SCOTT AIR FORCE BASE, Ill. --
Twenty-four hours a day, seven days a week, the 15th Operational Weather Squadron closely monitors more than 11 million square miles of territory that stretches from the American Northeast, through Canada, to Greenland and the ocean in between.
Their forecasting helps protect more than 418,000 personnel and $226 billion in assets, as senior leaders use this information to make decisions about sheltering or evacuating during extreme weather. Recently, the 15th OWS also stepped in to cover the 17th OWS’s mission when Hurricane Lane hit Hawaii.
“It was about three days, and during that time, we took over support for Korea, Japan, and the Pacific Command,” said 2nd Lt. Samantha Reed, 15th OWS senior duty officer.
This coverage was crucial, as the Pacific was facing not only Hurricane Lane in Hawaii, but also two typhoons headed toward East Asia. Along with the forecasting aspect of their mission, the 15th OWS is also heavily involved in assisting flight operations.
“Weather impacts everything, especially flying missions, which is what the Air Force is built to do” said Reed.
“Pilots rely on us a lot because they can’t take off without weather. If we don’t provide it, they don’t fly their mission.”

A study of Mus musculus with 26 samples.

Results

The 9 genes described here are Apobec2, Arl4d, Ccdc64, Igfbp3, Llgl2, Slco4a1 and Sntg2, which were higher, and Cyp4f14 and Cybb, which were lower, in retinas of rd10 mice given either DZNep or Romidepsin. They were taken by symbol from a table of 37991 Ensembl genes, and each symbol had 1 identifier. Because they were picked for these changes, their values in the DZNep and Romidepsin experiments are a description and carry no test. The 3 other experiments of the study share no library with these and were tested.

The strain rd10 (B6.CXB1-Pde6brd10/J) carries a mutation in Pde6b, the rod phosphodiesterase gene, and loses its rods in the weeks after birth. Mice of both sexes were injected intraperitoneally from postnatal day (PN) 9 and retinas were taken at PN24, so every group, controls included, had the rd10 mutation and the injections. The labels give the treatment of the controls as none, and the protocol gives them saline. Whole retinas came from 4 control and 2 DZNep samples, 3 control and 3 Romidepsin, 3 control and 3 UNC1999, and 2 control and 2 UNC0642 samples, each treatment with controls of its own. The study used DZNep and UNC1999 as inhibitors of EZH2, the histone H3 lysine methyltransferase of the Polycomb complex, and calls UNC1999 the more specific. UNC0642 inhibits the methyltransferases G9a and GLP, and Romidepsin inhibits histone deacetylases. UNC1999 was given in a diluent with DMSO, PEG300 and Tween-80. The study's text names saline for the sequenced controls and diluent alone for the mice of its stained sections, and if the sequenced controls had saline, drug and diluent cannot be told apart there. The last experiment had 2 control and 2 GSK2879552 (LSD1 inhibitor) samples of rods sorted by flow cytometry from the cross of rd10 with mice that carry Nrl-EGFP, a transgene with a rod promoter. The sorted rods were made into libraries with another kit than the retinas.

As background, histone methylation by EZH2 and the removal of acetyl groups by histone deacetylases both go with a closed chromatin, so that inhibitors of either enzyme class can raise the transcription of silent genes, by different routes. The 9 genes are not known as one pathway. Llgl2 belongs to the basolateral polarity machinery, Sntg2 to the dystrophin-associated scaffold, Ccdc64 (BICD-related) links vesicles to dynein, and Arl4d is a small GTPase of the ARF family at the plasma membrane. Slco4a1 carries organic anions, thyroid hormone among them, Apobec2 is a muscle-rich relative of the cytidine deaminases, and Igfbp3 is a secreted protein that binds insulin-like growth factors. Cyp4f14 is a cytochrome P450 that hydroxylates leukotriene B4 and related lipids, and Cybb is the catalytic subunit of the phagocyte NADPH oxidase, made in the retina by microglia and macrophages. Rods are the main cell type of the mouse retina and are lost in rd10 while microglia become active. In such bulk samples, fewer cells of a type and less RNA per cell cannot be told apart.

Because the 15th OWS covers one-third of the continental U.S., weather Airmen prepare about 200 flight weather briefings a day.
“About 50 percent of flights that fly through the continental U.S. actually go through us,” said Reed. “That’s all branches, including Guard and Reserve.”
Pilots rely on their work for the safety of both the aircraft and, more importantly, the aircrews.
“We don’t want pilots flying in severe weather and either damaging aircraft or, worst case scenario is loss of life,” said Staff Sgt. David Culbertson, 15th OWS shift supervisor.
Their work is also crucial to molding the future of the Air Force, as many of the flights they brief are for pilots in training.
“A lot of the training that goes on stateside ends up having to get safety briefings from us,” said Culbertson.
“They need to get in the required flying hours so they can eventually fly down range and complete whatever their mission is there.”
Whether they’re assisting with severe weather preparations or providing potentially life-saving information to pilots, the 15th OWS’s top priority is clear: To protect.
“Day-to-day, I realize how important this is, just with how busy we are and how many people rely on us,” said Reed. “We do it to protect assets, to protect people.”